THE PROFESSOR AND THE MAN FROM THE NORTH
The professor looks at his watch, his notes, and then at his disinterested freshman class. He clears his throat and begins a torturous, boring, monologue, about which the class was all too familiar. The professor nervously adjusts his tie, smooths out his shirt’s cuffs, then speaks louder.
“In ancient Greek religion, the ‘Muses’ were the inspirational goddesses of all poetry, literature, science, and the arts. They were the source of all knowledge embodied in all poetry, writings, song lyrics, and spiritual myths.
“For centuries in ancient Greek culture the Muses, powerful goddesses, roamed the earth entering the hearts of men and the minds of all humanity of the time. The Muses educated and directed the day-to-day existence of the ancient worlds…”
The professor suddenly turns toward the window. He stops talking and points toward the window. He ducks, then he screams!
“Look Out! Here comes one now!” He quickly hides behind his desk. The class is stunned by the sudden outburst. There is a moment of silence.
The professor finally composes himself. He continues.
“I see her now. In her bosom, she brings us a story. A story about a lost soul from the North who battled a ferocious South wind. His name is “Northwind”. I can see him now. Look over there. He points. There is nothing there.
“He comes from where the winds blow hard. He is the man from the north wind. Unannounced, he always comes to our home late at night before we shut the doors and windows.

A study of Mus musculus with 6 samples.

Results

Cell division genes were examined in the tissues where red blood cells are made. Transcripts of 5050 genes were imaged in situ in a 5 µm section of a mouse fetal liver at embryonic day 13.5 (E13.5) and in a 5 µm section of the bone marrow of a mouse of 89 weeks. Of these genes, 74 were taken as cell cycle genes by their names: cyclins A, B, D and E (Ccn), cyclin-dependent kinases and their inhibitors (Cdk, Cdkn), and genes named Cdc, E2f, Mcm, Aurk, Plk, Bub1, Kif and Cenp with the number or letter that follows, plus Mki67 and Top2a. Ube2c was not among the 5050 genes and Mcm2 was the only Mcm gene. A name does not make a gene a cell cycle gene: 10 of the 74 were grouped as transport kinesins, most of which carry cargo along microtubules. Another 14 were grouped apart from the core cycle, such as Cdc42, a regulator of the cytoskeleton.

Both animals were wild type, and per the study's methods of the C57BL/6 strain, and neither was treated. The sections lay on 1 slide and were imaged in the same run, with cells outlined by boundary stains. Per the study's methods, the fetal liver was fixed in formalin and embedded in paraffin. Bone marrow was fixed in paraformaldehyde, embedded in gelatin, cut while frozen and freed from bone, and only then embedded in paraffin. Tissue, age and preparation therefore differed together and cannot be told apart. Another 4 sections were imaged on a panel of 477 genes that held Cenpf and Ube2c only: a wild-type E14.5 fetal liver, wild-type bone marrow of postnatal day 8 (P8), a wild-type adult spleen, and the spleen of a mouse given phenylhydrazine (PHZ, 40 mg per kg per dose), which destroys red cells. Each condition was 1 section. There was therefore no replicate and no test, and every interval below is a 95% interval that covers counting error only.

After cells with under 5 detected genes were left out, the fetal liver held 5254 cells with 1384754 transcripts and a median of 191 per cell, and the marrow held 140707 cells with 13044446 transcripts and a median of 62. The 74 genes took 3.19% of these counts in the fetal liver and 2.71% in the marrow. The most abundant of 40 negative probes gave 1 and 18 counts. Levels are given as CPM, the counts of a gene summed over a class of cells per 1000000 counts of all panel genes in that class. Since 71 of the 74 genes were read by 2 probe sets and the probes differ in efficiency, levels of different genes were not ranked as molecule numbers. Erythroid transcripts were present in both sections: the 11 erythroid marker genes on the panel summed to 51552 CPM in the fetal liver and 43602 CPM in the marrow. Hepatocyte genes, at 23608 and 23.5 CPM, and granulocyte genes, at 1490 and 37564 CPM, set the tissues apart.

“His whiskers? Frozen stiff. His feet, numb. He enters our home with a smile. He shakes the snow from his broad shoulders and looks around the room.
“What’s on the Spit?” Northwind bellows. He takes a chair in the far corner, near the fireplace, and warms his hands.
“It has been a long, tedious ride to get here,” he says. “This time it wasn’t easy to escape the ferocious south wind.” He laughs and then asks.
“I never know where I am until I get there. Where am I?”.
As usual, we all laugh. “Well, we’re happy to say Northwind, YOU’RE HOME!”
The class is quiet. They stare in disbelief.
The professor is puzzled. He looks at his watch.
He smiles. “Class dismissed!”.
One thought on “Thinking that is Out of This World, by Tosh Plumlee”
‘Angles Landing’ is also in Utah, Zion National Park. It is North of Ta’Na’Shaw’s rock, aka Aeolus’s ‘Temple of the Wind’, and ‘Indian Head Rock’ -‘ Valley of the Gods’, road-Monument Valley, Mexican Hat, Utah: Take a trip. I’m sure you will enjoy the ride. You might find an old Ancient Indian sitting beside a road, looking for a ride.